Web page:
10-game progress report: Current state of the Celtics

Jared Wickerham

The Celtics have now played 10 games this season in which Rajon Rondo sat out but Avery Bradley played. With the All-Star break upon us, this gives us a good time to take a 10-game benchmark test of how our current team looks: what has been accomplished? How has it been accomplished? And can we start making quantitative estimates about our potential?

What has been accomplished?

10 games: Celtics have gone 9 - 1 with a scoring margin of +6.9. The 10 teams they've played have an average SRS (measure of team strength) of +0.0...this is exactly at league average, which is an SRS of 0. Thus, the Celtics' strength of schedule over these 10 games is just about average, making it a reasonable cross section. Among the nine victories have include wins over the Heat, at the Knicks, the Bulls, the Nuggets, and the Clippers (minus Chris Paul). The loss was a last-minute defeat to the lowly Bobcats on the second half of a back-to-back in which the first game was a triple-overtime victory that saw Pierce (54 minutes), KG (47 minutes) and Terry (45 minutes) play ultra extended sessions.

So, on first blush, the team looks very strong 10 games in. This has to be tempered because 10 games is still not long enough to know for sure...the sample size is still too small. However, at this point it can at least be considered a trend worth investigating further. So the next question is, how has this success been achieved?

How has this been accomplished?

On a team-wide level, the average offensive rating (points scored/100 possessions) over those 10 games was 105.9. Similarly, the average defensive rating (points allowed/100 possessions) over those 10 games was 98.5. That defensive rating would be #1 in the NBA at this point in the season (Pacers currently #1 at 99.3 pts allowed/100 poss), while the offensive rating would be 13th (right at league average). So clearly this team is winning with defense first, but with enough offense to get the job done. This is a formula that has worked in the past, as the 2008 championship squad (1st in defense, 10th in offense) and 2010 Finals squad (5th in defense, 15th in offense) operated in exactly that manner.

With a defense led by Kevin Garnett and bolstered by the Bradley/Courtney Lee backcourt with Paul Pierce and Jeff Green doing good work on the wings, the defensive success was predictable and appears sustainable. The offensive results are perhaps the least intuitive, but thus far the motion-based offense with the larger team involvement focus centered around Pierce and Garnett has proven successful...this is the side of the ball where the jury is still out, though.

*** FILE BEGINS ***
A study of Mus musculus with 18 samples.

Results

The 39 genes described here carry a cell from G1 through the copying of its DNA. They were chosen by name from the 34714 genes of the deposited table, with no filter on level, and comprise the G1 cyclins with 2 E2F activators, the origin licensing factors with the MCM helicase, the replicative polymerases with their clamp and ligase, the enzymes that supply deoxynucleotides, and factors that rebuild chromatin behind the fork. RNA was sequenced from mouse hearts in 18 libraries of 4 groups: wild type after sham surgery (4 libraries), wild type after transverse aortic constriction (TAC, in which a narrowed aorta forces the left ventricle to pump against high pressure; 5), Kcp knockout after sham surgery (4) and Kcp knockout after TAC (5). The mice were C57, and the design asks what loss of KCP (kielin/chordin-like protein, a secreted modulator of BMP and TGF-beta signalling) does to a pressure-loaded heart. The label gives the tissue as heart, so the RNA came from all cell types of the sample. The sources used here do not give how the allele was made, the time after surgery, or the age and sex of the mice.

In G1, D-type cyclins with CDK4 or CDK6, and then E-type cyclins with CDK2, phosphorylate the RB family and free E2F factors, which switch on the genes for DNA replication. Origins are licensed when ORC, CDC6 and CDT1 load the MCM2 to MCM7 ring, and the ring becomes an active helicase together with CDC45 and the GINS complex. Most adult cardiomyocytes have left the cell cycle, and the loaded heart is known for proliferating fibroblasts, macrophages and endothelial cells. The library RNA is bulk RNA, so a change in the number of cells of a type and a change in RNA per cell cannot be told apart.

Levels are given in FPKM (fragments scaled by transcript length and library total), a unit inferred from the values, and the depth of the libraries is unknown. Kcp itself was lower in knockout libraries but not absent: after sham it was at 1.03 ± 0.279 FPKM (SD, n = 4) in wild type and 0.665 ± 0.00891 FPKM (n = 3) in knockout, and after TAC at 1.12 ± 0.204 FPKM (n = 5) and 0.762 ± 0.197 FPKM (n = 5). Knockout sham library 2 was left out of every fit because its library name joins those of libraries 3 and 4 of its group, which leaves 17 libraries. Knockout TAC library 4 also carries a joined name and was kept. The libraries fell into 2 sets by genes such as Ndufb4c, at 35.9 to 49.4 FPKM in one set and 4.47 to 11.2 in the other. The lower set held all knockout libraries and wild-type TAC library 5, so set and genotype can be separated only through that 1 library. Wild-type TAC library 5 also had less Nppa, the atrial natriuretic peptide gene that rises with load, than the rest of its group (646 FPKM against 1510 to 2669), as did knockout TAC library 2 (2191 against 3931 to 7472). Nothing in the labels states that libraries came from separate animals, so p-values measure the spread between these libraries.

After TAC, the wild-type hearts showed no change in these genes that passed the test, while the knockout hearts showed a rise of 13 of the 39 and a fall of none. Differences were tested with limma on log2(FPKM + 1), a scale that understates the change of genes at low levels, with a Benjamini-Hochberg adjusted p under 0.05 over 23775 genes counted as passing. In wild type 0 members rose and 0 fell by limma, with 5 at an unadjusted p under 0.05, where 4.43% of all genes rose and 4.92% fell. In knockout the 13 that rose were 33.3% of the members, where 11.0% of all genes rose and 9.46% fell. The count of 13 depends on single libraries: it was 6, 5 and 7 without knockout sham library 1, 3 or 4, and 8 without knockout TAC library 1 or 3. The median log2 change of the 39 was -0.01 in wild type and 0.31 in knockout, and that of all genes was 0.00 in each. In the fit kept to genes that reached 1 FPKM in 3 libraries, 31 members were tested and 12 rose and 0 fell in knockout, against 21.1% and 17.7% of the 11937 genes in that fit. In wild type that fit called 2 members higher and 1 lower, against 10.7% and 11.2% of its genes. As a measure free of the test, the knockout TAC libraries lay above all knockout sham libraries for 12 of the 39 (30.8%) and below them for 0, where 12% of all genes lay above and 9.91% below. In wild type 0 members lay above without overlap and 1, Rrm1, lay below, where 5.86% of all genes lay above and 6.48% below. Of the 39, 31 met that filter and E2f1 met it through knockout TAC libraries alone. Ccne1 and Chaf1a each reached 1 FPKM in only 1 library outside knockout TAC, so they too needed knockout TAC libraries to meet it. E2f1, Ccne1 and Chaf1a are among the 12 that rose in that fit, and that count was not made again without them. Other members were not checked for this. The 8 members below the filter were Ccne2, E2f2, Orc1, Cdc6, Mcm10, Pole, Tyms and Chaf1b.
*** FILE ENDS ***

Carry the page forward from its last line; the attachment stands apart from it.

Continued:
Is team asking too much of KG and Pierce?

A key concern with the rash of injuries (Sully and Barbosa down as well, along with Rondo) is that in order for the team to be successful it might now be asking for too much out of the veterans. Garnett and Pierce have shown that they can still ramp it up, and in the postseason they will be called upon for more minutes, but it doesn't seem like a good idea to ask them to heavy lift for the rest of the season and then the playoffs as well at ages 35+. So, what has their minutes burden been in these 10 games?

Garnett: 31.8 mpg (including 5 OT sessions...minus theOTs, he's been at 29.5 mpg)

Pierce: 35.6 mpg (33.1 mpg without the 5 OTs)

This is actually extremely encouraging, because it tells us that the Celtics aren't having to burn out their star vets in order to build this level of regular season success. Outside of the flukishly high concentration of OTs, KG and Pierce are playing the same minutes now that they were all year and still managing to lead this team to victories. To me, this suggests that at a minimum the squad could probably get by with adding some minute-eating role players to the bench just to help the starters keep minutes down but that the team could still maintain a strong level of success.

Quantitative outlook:

The Celtics are 9 - 1 with a scoring margin of +6.9. The win/loss record isn't actually the biggest predictor of postseason success, the scoring margin is. Generally, teams with a scoring margin in the +6 - +8 range are the contenders (this year, that's currently the Thunder (+8.8), Spurs (+8.4), Clippers (+6.8), and Heat (+6.4)). In '08 the Celtics had a scoring margin up near +10, which was the highest mark since Jordan's Bulls.

Note of interest, in the last few seasons the Celtics have consistently out-performed their regular season scoring margin expectations in the playoffs, highlighted by the 2010 run in which their scoring margin suggested 1st/2nd round knockout but they went to game 7 of the Finals instead. They usually outperform because in the postseason their best players, especially Garnett, play a lot more minutes. Thus, the fact that the current squad has a contending scoring margin with Garnett and Pierce still playing managed minutes is actually an extremely good sign for the current team's playoff expectations.

Bottom line:

10 games in, this team looks like legitimate contenders. Their playing style is proven, their performance appears sustainable, their minutes and veteran expectations are reasonable, their current scoring margin is consistent with contending teams, and there is still plenty of room for the postseason bump when their best players start playing more minutes. The injury rate for their rotation players is concerning, but still manageable with replacement level role player minutes eaters. All told, this is a dangerous team as we move towards the close of the season and into the playoffs.